Catching the flu early in pregnancy doubles the risk of having a baby with a serious birth defect, which is why getting a flu shot is so important for women who are expecting, the March of Dimes warns.
But despite the protection offered by flu vaccination, only half of all pregnant women in the United States get a flu shot every year.
“The annual flu shot should be a priority in prenatal care,” Dr. Edward McCabe, chief medical officer at the March of Dimes, said in a news release from the organization. “Health care providers should offer all their pregnant patients a flu shot each year and if they don’t offer it, then women should ask for it.”
Now is the time for pregnant women to make an appointment for a flu shot to ensure they get vaccinated early in the flu season, McCabe said.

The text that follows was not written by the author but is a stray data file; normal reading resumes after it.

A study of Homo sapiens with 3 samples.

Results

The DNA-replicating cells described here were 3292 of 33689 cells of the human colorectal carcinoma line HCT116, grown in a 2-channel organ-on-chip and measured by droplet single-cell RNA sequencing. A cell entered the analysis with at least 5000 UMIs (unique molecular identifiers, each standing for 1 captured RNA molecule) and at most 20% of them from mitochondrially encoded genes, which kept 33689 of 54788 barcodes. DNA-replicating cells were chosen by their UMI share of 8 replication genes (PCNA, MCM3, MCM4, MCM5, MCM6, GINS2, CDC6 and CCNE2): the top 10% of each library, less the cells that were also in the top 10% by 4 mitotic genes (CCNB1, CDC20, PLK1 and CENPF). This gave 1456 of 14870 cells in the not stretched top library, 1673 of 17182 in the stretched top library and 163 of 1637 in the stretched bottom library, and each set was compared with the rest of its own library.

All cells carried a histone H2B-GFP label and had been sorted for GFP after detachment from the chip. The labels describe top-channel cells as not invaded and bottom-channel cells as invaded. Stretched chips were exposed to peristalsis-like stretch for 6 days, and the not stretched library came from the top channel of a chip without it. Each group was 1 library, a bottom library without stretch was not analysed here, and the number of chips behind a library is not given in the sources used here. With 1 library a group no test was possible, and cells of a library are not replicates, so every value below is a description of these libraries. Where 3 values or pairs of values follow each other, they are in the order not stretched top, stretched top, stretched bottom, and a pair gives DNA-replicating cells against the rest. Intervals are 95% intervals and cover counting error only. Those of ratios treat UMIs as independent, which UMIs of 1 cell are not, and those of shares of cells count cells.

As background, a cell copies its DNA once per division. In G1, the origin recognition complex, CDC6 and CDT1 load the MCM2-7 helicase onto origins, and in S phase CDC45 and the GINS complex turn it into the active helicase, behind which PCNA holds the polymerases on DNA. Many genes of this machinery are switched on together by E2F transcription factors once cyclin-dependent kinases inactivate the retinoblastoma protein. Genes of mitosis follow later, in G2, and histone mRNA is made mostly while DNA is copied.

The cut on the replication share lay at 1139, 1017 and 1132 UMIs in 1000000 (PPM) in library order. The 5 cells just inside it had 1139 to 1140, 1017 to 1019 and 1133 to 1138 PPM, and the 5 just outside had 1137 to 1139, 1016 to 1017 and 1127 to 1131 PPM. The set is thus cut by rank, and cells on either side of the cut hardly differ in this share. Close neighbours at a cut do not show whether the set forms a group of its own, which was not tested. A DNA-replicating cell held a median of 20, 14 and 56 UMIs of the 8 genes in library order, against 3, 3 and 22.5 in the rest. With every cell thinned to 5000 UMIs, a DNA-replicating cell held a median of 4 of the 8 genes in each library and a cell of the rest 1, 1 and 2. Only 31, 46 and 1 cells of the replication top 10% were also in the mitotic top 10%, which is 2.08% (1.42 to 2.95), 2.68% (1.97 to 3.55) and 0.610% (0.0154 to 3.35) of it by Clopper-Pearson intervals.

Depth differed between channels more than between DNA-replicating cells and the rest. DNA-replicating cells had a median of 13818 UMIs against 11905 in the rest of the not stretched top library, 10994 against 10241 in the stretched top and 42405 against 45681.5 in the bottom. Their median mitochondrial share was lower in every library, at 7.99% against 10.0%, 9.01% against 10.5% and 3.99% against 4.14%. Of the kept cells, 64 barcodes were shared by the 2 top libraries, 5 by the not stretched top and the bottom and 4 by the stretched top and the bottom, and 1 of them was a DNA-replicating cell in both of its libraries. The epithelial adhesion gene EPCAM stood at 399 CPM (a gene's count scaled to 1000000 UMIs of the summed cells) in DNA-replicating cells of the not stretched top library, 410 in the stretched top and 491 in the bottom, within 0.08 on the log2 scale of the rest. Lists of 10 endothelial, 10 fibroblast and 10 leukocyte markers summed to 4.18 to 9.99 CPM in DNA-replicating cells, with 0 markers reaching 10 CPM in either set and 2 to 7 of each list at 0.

Pregnant women should receive the flu shot and not the nasal spray vaccine, which is made with the live flu virus, according to the U.S. Centers for Disease Control and Prevention, and the American College of Obstetricians and Gynecologists.
The March of Dimes said along with getting a flu shot, pregnant women can reduce their risk of flu by limiting contact with others who have the flu; not touching their eyes, nose and mouth; washing hands with soap and water; using hand sanitizers; using hot, soapy water or a dishwasher to wash dishes and utensils; and never sharing dishes, glasses, utensils or toothbrushes.
It’s also important for people who live with pregnant women, or are in close contact with them, to get flu shots.
Pregnant women who develop flu symptoms such as fever, muscle aches and cough should see their health provider as soon as possible to begin antiviral treatment, according to the March of Dimes.
The U.S. Centers for Disease Control and Prevention has more about pregnancy and flu shots.